In second grade, I joined the Ghost Club started by two cooler girls from my class. We all watched Ghostwriter and read Goosebumps, so we were confident that we were the kind of savvy kids with whom all ghosts would prefer to work.
The three of us met at lunch and recess to compare paranormal encounters and think up ways to contact the spirit world.
The club disbanded in about two weeks. Sherry broke her leg and Jennifer broke her arm, which clearly indicated that we were getting too close to the ghosts and making them angry. The girls told me that we would have to stop meeting for my safety, and obviously the club could not go on without my wise input.
The next year, my friend Natasha and I formed the Chasing Those Floating Things You See In The Corner Of Your Eye Sometimes Club. Both of us kept all our limbs intact, but for some reason we were not invited to join any more recess clubs.
Sadly, Sherry and Jennifer both moved away before the student body’s most impressive brush with the unexplained.
My elementary school sat between two residential streets and a city park, so about twenty backyards housed small collections of escaped kickballs. We all avoided the dark green house at the very back of the school, though, because that’s where Captain Hook lived. Apparently his midlife crisis included a career change from chasing Peter Pan to terrorizing suburban school children.
No one ever saw Captain Hook, which was good because he hated kids and would kill you with his hook if you even looked at him. Once Natasha and I got really brave and snuck up to touch Captain Hook’s fence before shrieking in terror and running for our lives, but it was a very close call and for the rest of the day we just knew that he had seen us and would come hook our guts out during art.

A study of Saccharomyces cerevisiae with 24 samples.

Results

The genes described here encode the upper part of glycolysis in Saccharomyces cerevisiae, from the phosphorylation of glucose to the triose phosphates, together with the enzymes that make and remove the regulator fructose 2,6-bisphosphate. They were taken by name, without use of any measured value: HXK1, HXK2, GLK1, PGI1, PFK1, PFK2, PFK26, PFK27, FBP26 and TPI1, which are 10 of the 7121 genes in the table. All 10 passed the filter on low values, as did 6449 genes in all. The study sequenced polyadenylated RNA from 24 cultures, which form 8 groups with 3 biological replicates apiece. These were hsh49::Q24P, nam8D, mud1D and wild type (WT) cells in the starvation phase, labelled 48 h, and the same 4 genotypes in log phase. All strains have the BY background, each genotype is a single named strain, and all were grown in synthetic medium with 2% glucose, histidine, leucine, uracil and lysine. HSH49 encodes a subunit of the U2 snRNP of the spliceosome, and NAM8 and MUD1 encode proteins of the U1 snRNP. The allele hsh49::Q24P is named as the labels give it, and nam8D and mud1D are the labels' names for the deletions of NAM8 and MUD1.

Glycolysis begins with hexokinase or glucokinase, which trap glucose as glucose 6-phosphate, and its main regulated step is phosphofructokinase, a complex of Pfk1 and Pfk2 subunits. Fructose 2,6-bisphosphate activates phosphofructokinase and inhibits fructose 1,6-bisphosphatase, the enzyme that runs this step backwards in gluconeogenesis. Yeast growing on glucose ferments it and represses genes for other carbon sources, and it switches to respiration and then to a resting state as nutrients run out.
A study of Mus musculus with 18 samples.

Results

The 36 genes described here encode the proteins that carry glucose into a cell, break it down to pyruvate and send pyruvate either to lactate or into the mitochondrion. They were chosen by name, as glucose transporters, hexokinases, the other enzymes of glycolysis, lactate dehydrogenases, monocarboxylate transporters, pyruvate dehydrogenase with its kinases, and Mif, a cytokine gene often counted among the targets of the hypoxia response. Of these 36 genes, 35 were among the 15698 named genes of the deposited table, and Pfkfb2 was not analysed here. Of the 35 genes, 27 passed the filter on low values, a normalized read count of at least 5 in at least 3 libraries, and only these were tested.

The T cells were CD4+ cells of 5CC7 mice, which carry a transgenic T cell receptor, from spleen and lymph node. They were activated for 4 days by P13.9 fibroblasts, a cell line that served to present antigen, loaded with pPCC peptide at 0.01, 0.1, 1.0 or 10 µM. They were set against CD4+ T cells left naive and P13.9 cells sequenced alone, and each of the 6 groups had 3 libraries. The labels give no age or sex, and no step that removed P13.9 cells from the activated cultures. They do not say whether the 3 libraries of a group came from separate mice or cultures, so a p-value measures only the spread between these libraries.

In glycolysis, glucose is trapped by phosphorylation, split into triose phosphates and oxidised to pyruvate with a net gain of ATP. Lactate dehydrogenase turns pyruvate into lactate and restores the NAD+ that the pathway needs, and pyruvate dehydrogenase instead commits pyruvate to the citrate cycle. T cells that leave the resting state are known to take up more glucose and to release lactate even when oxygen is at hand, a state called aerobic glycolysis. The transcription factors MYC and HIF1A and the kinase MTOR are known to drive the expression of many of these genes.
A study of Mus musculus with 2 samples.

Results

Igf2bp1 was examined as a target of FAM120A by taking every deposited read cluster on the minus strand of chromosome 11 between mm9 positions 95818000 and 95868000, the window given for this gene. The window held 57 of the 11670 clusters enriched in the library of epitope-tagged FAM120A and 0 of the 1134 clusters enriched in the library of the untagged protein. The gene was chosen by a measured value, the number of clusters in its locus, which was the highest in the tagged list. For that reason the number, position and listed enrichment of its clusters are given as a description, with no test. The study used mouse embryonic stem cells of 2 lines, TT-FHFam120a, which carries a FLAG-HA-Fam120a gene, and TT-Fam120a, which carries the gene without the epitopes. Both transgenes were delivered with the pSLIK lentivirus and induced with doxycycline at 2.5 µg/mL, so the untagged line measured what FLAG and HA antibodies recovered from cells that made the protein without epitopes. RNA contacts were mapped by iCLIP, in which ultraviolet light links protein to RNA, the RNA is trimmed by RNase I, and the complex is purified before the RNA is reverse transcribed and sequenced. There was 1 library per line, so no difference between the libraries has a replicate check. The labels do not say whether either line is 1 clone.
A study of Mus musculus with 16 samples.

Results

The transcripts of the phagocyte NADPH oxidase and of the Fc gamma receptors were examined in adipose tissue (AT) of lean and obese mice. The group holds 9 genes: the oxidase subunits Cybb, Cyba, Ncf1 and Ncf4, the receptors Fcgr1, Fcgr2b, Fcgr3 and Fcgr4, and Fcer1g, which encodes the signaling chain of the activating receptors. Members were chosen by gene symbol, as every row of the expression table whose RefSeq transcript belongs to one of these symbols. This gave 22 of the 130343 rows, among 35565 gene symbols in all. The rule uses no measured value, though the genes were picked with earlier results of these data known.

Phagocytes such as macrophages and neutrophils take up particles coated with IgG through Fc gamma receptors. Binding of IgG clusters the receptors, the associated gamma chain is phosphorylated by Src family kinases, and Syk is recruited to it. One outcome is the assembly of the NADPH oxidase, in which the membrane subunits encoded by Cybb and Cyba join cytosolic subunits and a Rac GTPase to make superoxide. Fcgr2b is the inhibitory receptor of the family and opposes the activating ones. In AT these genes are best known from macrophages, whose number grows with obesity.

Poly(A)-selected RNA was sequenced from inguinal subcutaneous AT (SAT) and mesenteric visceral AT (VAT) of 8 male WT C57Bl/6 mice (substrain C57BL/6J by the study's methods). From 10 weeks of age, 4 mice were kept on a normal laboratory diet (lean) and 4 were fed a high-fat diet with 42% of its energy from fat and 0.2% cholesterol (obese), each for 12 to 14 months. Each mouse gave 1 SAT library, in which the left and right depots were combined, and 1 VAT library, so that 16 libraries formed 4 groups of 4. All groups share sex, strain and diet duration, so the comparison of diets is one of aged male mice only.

Even though the Captain never showed himself, we had proof that he was really there because of the messages he sent. The school’s gigantic riding lawnmower spat up clods of grass with perfectly round holes in them, and these were clearly a secret code that our sinister neighbor had punched in with his hook.
My classmate Jan was the only person who could decode Hook’s messages. After she revealed this talent, the rest of us would bring her grass clods and she would examine them solemnly. Finally, she would whisper the horrible warnings she had read:
Now that I think of it, Jan would have been an asset to the Ghost Club.